Associate Professor Speaks at WorldChicago Diplomacy Summit on Fulbright Fellowship Experience – The Columbia Chronicle


At the Palmer House Hilton Hotel, guests and speakers from around the world gathered for the regional Diplomacy Begins Here Summit for the first time in person since the COVID-19 pandemic began.

Hosted by WorldChicago in partnership with the US Department of State and Global Ties US, Elio Leturia, associate professor in the Department of Communication, spoke at a panel on July 22 about his experience as a Fulbright scholarship recipient.

The “US Department of State and Exchanges” panel focused on culture exchanges such as the Fulbright program offered by the Department of State.

The Fulbright Program and Fellowship provides resources for recipients study, teach or work professionally in another country. This program, which has a network of more than 160 countries, is offered to students, teachers and artists.

Leturia first joined the Fulbright Foreign Program from his hometown of Lima, Peru to study at the University of Illinois at Urbana-Champaign from 1990 to 1992.

As a faculty liaison for Fulbright at Columbia, Leturia also helps prospective graduates and instructors apply.

Associate Professor Elio Leturia talks about some of the cultural differences he has witnessed between the United States and Spain. Irvin Ibarra

During his second time with the Fulbright Scholar Program, Leturia taught a multimedia storytelling workshop at the University of Málaga in Spain for five months during the Spring semester 2022.

With some changes in the “Visual Communication” course he teaches at Columbia, through the Leturia workshop taught the basics of visual communication with the aim of combining interviewing, writing, photography, graphic design, web design and even animation leading to a final collaborative project.

“[Fulbright] opens your eyes to a new culture,” Leturia said. “It allows you to meet new people and develop lasting friendships and very useful contacts.”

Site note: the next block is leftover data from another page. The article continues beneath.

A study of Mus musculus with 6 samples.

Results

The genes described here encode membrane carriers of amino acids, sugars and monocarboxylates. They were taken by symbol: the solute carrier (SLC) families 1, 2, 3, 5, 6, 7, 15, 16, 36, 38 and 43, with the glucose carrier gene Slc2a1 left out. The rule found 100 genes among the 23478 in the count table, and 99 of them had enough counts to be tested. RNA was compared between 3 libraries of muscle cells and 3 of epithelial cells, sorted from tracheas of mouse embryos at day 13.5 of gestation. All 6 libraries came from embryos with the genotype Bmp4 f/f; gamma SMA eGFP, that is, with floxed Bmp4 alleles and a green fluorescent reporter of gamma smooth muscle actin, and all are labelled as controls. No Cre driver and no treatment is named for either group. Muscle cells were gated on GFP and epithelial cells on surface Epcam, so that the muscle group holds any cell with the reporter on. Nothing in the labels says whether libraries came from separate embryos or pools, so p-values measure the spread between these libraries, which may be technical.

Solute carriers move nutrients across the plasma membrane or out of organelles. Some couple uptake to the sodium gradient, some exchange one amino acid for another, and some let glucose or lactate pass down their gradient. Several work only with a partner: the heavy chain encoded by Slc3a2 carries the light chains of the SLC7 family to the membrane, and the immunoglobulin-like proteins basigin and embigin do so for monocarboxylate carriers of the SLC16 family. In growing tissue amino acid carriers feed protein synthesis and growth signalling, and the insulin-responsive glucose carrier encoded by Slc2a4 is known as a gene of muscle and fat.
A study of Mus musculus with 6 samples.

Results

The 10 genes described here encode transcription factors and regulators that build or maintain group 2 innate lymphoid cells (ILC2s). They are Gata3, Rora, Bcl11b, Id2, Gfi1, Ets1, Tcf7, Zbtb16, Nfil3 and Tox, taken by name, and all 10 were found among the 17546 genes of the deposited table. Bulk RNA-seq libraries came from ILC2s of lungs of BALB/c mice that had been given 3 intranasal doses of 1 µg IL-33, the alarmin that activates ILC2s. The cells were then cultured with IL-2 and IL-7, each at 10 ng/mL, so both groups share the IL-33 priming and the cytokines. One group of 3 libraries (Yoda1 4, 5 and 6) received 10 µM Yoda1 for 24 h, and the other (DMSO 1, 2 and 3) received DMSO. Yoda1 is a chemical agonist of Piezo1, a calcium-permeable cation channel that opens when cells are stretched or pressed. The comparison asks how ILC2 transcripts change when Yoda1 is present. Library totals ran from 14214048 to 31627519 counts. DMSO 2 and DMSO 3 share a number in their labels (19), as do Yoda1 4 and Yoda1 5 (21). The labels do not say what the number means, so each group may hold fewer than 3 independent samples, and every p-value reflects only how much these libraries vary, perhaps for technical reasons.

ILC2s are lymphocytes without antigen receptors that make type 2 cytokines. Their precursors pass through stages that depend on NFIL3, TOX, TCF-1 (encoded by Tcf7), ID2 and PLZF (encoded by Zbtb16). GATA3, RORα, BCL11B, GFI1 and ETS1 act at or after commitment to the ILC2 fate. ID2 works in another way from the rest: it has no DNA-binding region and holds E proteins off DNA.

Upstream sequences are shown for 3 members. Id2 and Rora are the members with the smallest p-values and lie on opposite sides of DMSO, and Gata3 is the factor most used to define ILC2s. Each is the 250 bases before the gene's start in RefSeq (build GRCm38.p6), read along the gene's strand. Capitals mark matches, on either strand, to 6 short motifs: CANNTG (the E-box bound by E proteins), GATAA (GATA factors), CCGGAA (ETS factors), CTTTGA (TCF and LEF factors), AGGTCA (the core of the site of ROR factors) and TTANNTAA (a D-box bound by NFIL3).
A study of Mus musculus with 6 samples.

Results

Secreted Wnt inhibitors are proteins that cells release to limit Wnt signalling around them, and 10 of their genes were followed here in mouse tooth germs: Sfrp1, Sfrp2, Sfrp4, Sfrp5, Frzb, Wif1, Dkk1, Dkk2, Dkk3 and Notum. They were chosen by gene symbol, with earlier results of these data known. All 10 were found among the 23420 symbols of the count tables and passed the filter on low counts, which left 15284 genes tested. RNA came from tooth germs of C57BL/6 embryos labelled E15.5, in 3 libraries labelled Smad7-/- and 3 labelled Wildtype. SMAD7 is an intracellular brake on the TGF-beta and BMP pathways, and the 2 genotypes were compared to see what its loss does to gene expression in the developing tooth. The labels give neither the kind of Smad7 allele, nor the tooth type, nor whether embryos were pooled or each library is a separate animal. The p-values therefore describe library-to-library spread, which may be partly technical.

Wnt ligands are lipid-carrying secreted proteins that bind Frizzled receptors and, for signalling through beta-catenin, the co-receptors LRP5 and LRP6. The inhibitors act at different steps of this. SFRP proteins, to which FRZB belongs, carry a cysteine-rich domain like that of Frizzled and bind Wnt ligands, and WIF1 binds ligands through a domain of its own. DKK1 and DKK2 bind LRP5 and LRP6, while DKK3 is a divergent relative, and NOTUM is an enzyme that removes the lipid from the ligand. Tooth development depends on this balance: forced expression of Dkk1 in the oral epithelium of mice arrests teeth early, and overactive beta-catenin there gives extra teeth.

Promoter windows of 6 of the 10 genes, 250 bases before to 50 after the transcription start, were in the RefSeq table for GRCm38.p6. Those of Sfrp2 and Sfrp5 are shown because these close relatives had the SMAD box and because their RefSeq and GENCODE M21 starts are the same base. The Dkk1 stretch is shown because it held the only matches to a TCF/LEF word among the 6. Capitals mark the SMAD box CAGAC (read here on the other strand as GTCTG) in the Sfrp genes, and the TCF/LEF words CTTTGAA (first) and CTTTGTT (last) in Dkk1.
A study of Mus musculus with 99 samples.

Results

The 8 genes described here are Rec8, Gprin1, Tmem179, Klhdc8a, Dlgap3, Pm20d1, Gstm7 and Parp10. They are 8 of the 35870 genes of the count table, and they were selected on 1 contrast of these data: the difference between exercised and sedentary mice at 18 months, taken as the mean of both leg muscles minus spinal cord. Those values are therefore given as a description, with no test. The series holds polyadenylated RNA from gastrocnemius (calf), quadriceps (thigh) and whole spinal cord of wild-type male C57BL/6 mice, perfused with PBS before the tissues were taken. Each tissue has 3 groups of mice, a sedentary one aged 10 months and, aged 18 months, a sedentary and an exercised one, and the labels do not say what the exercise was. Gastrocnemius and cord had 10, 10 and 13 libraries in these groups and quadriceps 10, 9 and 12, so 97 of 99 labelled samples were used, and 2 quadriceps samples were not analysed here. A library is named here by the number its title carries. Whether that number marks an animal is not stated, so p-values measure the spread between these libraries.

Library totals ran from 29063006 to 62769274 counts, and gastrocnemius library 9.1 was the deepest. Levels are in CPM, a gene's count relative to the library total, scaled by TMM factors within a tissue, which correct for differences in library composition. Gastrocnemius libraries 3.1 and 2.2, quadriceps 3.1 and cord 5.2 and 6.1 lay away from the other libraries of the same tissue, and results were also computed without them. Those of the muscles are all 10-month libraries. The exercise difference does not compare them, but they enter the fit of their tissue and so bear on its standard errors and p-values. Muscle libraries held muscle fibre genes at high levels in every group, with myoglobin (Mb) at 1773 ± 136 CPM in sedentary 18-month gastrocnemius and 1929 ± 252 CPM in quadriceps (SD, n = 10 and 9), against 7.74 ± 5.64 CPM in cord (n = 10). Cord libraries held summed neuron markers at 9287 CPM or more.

Another Fulbright panelist and recipient was Payge Jennings, U.S. alumni coordinator with the Bureau of Educational and Cultural Affairs Office of Alumni Affairs.

“I was super excited to hear about all the different ways I can get involved and take my international experience to the next level,” Jennings said. “[If] you wonder why you haven’t heard [Fulbright] … you’re not too late for the party.

A round of applause filled the room for the panelists and their work presented at the end of the roundtable. Irvin Ibarra

Alison Moylan, deputy director of the Bureau of International Visitors in the Bureau of Educational and Cultural Affairs, said the summit and international exchanges directly contribute to U.S. foreign policy by building and developing a network of international relations.

“We must be the best ambassadors of the United States each time we visit [other countries]”, Leturia said. “We need to engage in meaningful conversations to get to know them and debunk all these myths they have about the United States, about Americans.”

Sharing a conversation with his Spanish students on outings throughout his visit, Leturia said they were afraid to visit the United States because of gun violence.

“I thought the best way [to explain] was to tell them the truth and then share with them what they don’t see,” Leturia said.

The Fulbright Program offers a wide range of scholarships and international exchange opportunities, ranging from the Fulbright Foreign Student Program to the Fulbright Scholar Program and more.

Applications for the 2023-2024 Fulbright US Student Program scholarship cycle are open until October 11.